Stars Highly Likely to Disappoint NFL Betting Fans in 2015

Posted by Alex Murphy on July 12, 2015 in

Every year, players across the NFL come with into the league with huge expectations of performing highly, but at the end of the season, only a handful of them manage to live up to the hype. The 2015 NFL betting season, even with abounding hype surrounding different rookies and the newly acquired players, will be no different, as a good number of the players likely to underwhelm in their performances.

Players Likely to Disappoint this 2015 NFL Football Betting Season

Ndamukong Suh, DT, Dolphins

Undeniably, Suh is one of the best players in the league when it comes to defensing against the run and pass. In essence, that is the reason he signed a whopping 6-year, $114 million dollar contract with the Dolphins, making him the highest-paid defensive player in NFL history.

Unfortunately, there are a number of reasons why Suh may not be what fans expect right off the bat. For starters, with such as a big contract (which comes with various guarantees), the need to perform and sway teams to his direction will probably be lessened, as opposed to the 2014 season when he was working his tail off to impress his suitors. In addition, the rest of Miami’s defense has issues at the linebacker department, while most of the corners in the team are far from solid, which could force Suh to sometimes play out of position to cover the other defenses. By over committing and spreading himself all over the field, his efficiency could be reduced. Then there is the South Beach environment and its ills—too much focus on fun and relaxation with less concentration on the game. Many players have fallen to that lifestyle in the past, and with the massive money he’s getting, it wouldn’t be a surprise if Suh went down the same route.

DeMarco Murray, RB, Eagles

The Philadelphia offense is a run-friendly system, a good reason many analysts expect Murray to maintain his efficiency from 2015. However, the Eagles lost Pro Bowl guard Evan Mathis (a crucial piece of their zone blocking scheme), which could expose Murray to more tackles and limit his ability to run the ball well. Plus, history has it that any running back that has totaled more than 370 rushing attempts in his previous season fails to be as good or better in the following year, with the likes of Larry Johnson, Eric Dickerson and Jamal Anderson standing to be counted as examples. So unless Tim Tebow, a very run-oriented QB, gets the starting role in 2015, it’s hard to envision Murray putting up the kind of numbers he did in 2014.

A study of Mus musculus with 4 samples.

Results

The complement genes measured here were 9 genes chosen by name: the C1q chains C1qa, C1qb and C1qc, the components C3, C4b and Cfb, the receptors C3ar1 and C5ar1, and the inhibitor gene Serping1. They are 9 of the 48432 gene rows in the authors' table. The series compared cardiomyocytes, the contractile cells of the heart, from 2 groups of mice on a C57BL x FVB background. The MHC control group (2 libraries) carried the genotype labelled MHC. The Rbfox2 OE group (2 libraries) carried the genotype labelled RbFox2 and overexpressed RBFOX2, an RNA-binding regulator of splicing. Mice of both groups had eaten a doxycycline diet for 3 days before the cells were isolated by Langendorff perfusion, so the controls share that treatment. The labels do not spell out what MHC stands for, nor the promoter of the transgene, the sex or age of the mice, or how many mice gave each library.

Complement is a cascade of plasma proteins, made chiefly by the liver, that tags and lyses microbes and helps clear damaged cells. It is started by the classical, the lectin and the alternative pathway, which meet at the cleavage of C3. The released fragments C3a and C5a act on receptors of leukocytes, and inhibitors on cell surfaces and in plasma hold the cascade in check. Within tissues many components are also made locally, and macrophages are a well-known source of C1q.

Jeremy Maclin, WR, Chiefs

Coming off a season where he set career highs of 85 catches and 1,318 receiving yards, the expectations about Maclin in Kansas City are whimsically high. If Maclin fails to link up well with Alex Smith to deliver big numbers like in 2014 and probably earn himself a Pro Bowl, most fans would consider him as a disappointment. And from the look of things, repeating his breakout 2014 season won’t be easy, as the Kansas City offense is not as vibrant as the one he had in Philly last year. Furthermore, the star receiver will be facing off a new breed of opponents in the AFC West (Denver, San Diego and Oakland), opponents that boast of having some of the best corners in the league, including Chris Harris Jr. and Brandon Flowers. With such opponents and unfavorable changes in offensive schemes, the NFL odds of Maclin being a letdown are higher than him being a success story in 2015.

Drew Brees, QB, Saints

I fully agree that including the biggest Saint in New Orleans on this list should be considered as blasphemy. Sadly, I have no option but to be apologetically sacrilegious, considering the existing circumstances in New Orleans. After painstakingly taking several years to develop a solid offensive partnership with Jimmy Graham, Brees will now have to start the process afresh after the Saints surprisingly traded Graham to Seattle. With Nick Toon, Josh Hill and Brandin Cooks as his main targets, there is no doubt that Brees, who was league-leading passer in 2014, will see a decline in his numbers. Not to mention, the Future Hall of Famer QB is 36 years old and Father Time is catching up to him, so the risk of his numbers taking a hit is very high.

Jimmy Graham, TE, Seahawks

Having established a reputation for being the most dominating and dynamic red zone threats in the NFL with the Saints, it makes financial sense that Graham decided to take the step of joining the Seahawks for better pay. But as far as his career is concerned, the move looks suicidal, as he left a New Orleans team that ranked second-best in the league in pass attempts in 2014 and joined a Seattle team that ranked dead last in pass attempts. Furthermore, unlike Drew Brees who is known to live and die on passing the ball, Graham’s new quarterback (Russell Wilson) tends to prefer running the ball. With such factors considered, it would be a miracle if Graham posted anywhere close to his numbers in 2014.

Julius Thomas, TE, Jaguars

Philadelphia Eagles Julius Thomas

Like Graham, Thomas decided to seek greener pastures, leaving the Denver Broncos and joining the Jags for more green. In fact, to become a Jaguar, Thomas signed a 5-year, $46 million dollar deal, making him the highest paid TE in the league. But as a sour end of his trade, Thompson parted ways with the proven Peyton Manning and instead acquired Blake Bortles. In a couple of years when Bortles becomes the star quarterback he is projected to be, then Thomas could be a great beneficiary, racking up solid numbers. However, as of 2015, it doesn’t look like Thomas will be giving sufficient output, considering the second-year QB was interception-prone in his rookie year and will probably need more time to clean up his game.